I have a thing for old American pickup trucks, especially those that look like they have been worked hard but have plenty of hard work left in them. On a recent successful salvage expedition for some parts for a racing car, I came across this junkyard find that looked way too good to be in the yard. I have a friend that is resto-modding a truck that’s the same year and even the same color scheme as this one, so it really caught my eye. A closer look at the truck showed that it was on the road as late as 2001 based on the inspection sticker in the cracked windshield. It has either a 240 or 300 cubic inch inline 6 under the hood. My son-in-law that was helping me that day would have taken it home if he had a place to put it (until we move, I won’t have a place to help him, otherwise I would have). I was surprised when I inquired with Ricky, the salvage yard owner, what it would take to purchase the truck: only $600, and a title was available for additional money.

Honestly, this one looks to be in better initial condition that either of the trucks my friend is combining to make one, despite having a fiberglassed floor. If it’s still there once our house and shop are finished, I may be helping out with storage for my son-in-law. Personally, other than stabilizing the rust, and there wasn’t that much of it visible, I’d just enjoy having a true working truck that could have things tossed in the bed without worrying about it. Since my son-in-law and his wife are buying a house right now, he gave me the OK to write this neat truck up, so if you want to beat him to it, you can contact Ricky at West Salvage in Bethel, North Carolina at 252-825-1248.


  1. JW

    My brother inlaw has one but red and has the 352 v8 in it I think. It sitting behind his garage for a couple years needing brakes.

  2. randy

    $600.00 is a great price, my daily driver is a ’65 SWB F100,
    previous owner stuck a 351w in it.

  3. jim s

    if the frame is good this might make a great work truck. hard to go wrong at $600 unless the title runs the price up to much. nice find.

    Like 1
  4. Jim Ward Member

    Had a 65 SWB back in 75 blew clutch was same cost to put 289 auto in as to change clutch so I did. loved that truck but kids cost money so it went away.

  5. Blake

    I have a ’66 F100 as my daily driver with the granny gear four on the floor and a 240 inline six. The worst spots for rust are the cab mounts under the front floors, but they make replacements and floors are easy to fabricate or put new ones in. This truck looks great. A seat will probably be the hardest thing to find, but I think you can grab one from any F100 up to about 1973. The patterns might be different, but they should bolt in. Also, this is a Custom Cab truck with the fancy horn ring and nicer gauge panel, door inserts, and two tone dash, along with the chrome trim on the windshield seal. It probably had a glue on padded dash at one time, but I prefer leaving it off. Cool truck, hope someone saves it.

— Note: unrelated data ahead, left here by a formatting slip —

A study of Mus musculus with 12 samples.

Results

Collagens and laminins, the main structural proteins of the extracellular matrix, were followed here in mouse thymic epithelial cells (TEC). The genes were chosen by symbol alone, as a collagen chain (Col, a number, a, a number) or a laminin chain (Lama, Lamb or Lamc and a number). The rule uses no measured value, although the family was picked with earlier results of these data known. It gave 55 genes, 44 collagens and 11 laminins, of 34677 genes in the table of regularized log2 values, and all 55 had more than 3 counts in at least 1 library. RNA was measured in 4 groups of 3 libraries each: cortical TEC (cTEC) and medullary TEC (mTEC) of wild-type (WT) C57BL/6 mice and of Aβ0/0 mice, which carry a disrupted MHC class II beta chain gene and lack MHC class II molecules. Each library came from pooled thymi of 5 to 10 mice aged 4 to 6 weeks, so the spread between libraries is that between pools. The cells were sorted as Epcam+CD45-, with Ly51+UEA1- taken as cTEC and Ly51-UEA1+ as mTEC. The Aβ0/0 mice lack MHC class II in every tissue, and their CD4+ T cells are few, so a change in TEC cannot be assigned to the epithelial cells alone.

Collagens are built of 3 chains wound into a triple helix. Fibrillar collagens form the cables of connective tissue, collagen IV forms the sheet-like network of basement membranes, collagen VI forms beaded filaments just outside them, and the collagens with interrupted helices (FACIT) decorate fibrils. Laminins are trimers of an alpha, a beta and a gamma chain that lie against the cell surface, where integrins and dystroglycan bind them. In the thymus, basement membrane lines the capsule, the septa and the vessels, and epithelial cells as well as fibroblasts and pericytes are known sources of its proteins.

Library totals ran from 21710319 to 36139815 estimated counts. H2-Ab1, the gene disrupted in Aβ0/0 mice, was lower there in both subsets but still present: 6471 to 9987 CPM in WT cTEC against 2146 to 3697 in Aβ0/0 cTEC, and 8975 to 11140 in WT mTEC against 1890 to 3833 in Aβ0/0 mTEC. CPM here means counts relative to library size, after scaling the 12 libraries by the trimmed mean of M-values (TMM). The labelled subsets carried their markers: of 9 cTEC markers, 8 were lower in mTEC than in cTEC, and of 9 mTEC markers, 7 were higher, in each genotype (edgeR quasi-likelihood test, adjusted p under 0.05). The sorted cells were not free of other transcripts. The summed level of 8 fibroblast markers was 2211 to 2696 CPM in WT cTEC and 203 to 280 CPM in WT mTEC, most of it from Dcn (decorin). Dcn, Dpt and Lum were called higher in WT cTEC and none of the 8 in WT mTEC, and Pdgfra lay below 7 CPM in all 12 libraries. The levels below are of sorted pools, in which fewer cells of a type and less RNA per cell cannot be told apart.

6. John

    Great old truck. I hope someone falls in love with it. Our church owns one that was a bequest from an estate. I cleaned it, rebuilt its head, and put a clutch in it. It’s perfect at around 300K miles. It has always lived indoors so there’s little rust, and it’s garages have never has resident rodents. It spent 30 years hauling poster paper for a graphic artist, and now it hauls Christmas poinsettias, mulch and yard plants. There is a standard requirement that it never be put away dirty or empty of fuel. It’s a wonderfully honest vehicle. It rides, sounds, and looks like a truck. It will never win a race or have anyone complement its handling. It just hauls stuff whenever asked. And it’s loved.

  7. geomechs geomechs Member

    That one’s in good shape. Lots of parts available. I hope someone who really loves this era of Ford takes this before it’s gone. It’s worth a restoration.

  8. RH Willetts

    First year for the twin I-Beam front suspension, I believe.

    • racer99

      You are correct. The use of the twin I-Beam opens up a whole world of upgrade possibilities as any front end parts up to 1978 can be retrofitted (I had a ’66 with power steering and power front disk brakes borrowed from a 1974). Many of the later model drive trains will also bolt in. This looks to be a very solid truck and could be modded to any level or made to run and used “as-is”. These are starting to get some collector recognition — when I built mine 14 years ago I had parts of 3 different trucks in it and had less than $1000 in all three put together. Assembled with junk yard parts and painted in the garage it was a cheap and reliable vehicle that went anywhere I wanted it to go and carried/towed anything I needed to move (5.0L FI motor, AOD, etc).